Twin Mirror, Dontnod's new game (and their first self-published title), has a great premise: you're a troubled man that goes back to his hometown and finds himself involved in a mystery. The reason Samuel 'Muley' Higgs returns to Basstown, West Virginia, is the unexpected death of his best friend... but was it really an accident? Sadly, finding an answer to that question was not as fun or thrilling as we were expecting, as Twin Mirror is far from being another masterpiece in Dontnod's resume.
It Tries So Hard to Look and Sound Smarter Than It Actually Is
Some games only care about beautiful graphics, while others only focus on giving you an addictive experience. Modern graphic adventures, on the other hand, tend to revolve around troubled characters and cool plot-twists. If you're playing a narrative-driven title like Twin Mirror, you're willing to learn about the protagonist and their surroundings, interacting with the environment and other characters but taking the time to explore every aspect of the story. Just by looking at Dontnod's past games, there are plenty of reasons to confirm that this company really knows how to tell a compelling story, but this time something failed in the process, and Twin Mirror ended up a soulless game.
Strike one: Sam is a terrible protagonist. It's okay to have a flawed guy as the main character, and not all protagonists have to be morally faultless, but at least they need to feel relatable, complex... real. Every aspect of Sam feels fabricated to make the plot work, although it's painful to see that wasn't enough. To make things even worse, Sam's only purpose seems to be to justify Twin Mirror's primary mechanic (more on that later), one that has no meaning once you get to the end.
The Worst Protagonist in a Dontnod Game
Strike two: the story relies too much on arbitrary plot devices. Why does Joan, Nick's daughter, believe he was murdered? Why does Sam believe a little girl with nothing but a gut feeling? Why do characters like Dennis, Joel, or Dickie feel like their only reason to exist is to move the plot forward? We have dozens of questions, and Twin Mirror answers none because it's too busy trying—and failing—to be a complicated graphic adventure that delivers a powerful message.
Look, Dontnod games are famous for giving you the freedom to make decisions, ultimately affecting the fate of the characters in a notable way, as well as giving you a bigger picture of the story you take part in. Twin Mirror, however, tries really hard to make you feel the same way, but it's not that hard to see that your choices are meaningless. Sure, you might get one dialog or the other depending on your decisions, but in the end, things play out the same, which ironically makes going for a second playthrough a pointless choice.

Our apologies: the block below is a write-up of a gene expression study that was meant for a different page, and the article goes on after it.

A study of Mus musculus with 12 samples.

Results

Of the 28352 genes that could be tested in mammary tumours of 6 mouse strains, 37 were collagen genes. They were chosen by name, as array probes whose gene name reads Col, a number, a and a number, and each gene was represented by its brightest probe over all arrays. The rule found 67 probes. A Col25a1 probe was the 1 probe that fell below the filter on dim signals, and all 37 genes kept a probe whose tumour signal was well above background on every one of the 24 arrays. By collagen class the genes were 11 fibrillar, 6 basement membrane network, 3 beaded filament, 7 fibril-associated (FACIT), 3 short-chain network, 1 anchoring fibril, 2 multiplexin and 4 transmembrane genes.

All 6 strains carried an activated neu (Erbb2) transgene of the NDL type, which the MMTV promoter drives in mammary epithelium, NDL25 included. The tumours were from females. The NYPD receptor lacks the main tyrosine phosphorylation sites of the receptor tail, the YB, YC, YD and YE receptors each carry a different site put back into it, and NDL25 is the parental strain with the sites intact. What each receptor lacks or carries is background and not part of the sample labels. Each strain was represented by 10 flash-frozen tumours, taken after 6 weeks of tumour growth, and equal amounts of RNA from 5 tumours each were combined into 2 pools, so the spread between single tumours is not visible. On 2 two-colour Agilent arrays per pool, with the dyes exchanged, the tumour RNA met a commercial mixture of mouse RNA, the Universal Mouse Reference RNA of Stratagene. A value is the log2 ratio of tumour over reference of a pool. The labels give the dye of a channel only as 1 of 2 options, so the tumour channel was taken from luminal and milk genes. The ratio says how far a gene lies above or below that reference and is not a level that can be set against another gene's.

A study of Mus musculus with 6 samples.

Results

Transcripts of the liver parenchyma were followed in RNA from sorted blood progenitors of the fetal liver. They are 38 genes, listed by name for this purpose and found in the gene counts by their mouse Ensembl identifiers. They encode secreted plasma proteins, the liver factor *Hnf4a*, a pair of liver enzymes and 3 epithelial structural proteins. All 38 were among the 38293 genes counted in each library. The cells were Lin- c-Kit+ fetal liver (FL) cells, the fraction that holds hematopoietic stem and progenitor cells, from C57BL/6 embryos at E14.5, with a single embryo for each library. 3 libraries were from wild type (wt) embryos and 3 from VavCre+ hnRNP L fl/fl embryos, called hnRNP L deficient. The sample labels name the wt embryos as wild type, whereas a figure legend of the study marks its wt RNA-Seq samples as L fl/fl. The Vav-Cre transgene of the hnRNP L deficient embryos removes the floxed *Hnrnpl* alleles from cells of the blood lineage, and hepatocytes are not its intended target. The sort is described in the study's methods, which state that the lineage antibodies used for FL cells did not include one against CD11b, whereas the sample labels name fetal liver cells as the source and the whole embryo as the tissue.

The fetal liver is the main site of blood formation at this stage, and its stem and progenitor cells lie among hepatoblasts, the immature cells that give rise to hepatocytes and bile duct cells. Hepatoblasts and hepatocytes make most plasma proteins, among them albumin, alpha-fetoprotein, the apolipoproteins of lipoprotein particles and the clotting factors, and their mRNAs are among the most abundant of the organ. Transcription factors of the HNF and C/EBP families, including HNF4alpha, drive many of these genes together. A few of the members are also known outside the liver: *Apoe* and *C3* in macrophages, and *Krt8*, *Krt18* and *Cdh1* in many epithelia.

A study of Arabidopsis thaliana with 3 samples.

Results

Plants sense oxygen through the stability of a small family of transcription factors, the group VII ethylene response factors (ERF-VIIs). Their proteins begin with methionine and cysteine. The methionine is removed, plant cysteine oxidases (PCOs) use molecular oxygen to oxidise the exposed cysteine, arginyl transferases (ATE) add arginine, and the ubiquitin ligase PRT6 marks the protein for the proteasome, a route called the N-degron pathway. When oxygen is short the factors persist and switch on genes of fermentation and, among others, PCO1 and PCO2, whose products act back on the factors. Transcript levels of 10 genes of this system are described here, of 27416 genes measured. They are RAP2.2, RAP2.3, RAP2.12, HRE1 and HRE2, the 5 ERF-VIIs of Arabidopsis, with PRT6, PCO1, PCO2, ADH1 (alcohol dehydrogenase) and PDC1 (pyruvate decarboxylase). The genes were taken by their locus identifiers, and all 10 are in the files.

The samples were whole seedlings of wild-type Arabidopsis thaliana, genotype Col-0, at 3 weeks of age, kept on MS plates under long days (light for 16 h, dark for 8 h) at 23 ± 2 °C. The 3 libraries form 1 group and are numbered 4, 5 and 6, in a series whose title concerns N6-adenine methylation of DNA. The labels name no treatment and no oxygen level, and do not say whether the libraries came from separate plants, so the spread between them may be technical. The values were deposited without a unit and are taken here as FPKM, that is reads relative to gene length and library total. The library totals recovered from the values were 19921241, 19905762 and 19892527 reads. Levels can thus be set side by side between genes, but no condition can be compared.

Most of the decision making comes from the same idea: Samuel has a split personality, so he can't escape the internal conflict. At first, you're tempted to take a side and choose between the real, edgy Sam or his imaginary moral compass. A couple of hours in, you learn that other characters don't seem to really care if you're a nice guy or a douche, because Twin Mirror isn't even about Sam...
When your protagonist is unlikable and doesn't even feel like the protagonist, when every step you take is an excuse for some random plot devices, and when all interactions are awkwardly animated dialogues that rarely add depth to the story, you're only left with the game mechanics... but guess what? Twin Mirror fails in that department, too.
So... Is This Split Personality Thing a Gimmick?
Strike three: Sam's mental issues make no sense at all. And that's the saddest part because that's the core mechanic.
Just like Max in Life is Strange, Samuel has some kind of superpower that allows him to stop time and visit a place called Mind Palace, where he can relive specific events or analyze several potential situations before making a decision. This, at first, is one of the coolest things of the game, as you really get to know Sam's past, but it's a shallow mechanic nonetheless.
Twin Mirror never explains to you why Samuel has this power, and near the end, they show you that it has nothing to do with his present problems, like being hated by the whole town or never getting over his former girlfriend. To make everything worse, some segments of the game are copy-pasted from old Dontnod games, like running through a maze full of distorted memories. It's unoriginal, but it's also full of superficial symbolism, mirrors being the perfect example.
Twin Mirror is not a game that goes deep into the mental health topic, nor it's a profound mystery game where every decision counts. It's like a low-budget movie written by an ambitious yet inexperienced scriptwriter that abuses all kinds of cliché dialogues and events. And you know what? It makes us sad to sat it because we're big fans of other Dontnod games, and we really know they can do a lot better than this.
For what it's worth, Twin Mirror has 5 alternate endings, and it's only 6-8 hours long. Maybe that's enough for you to try it?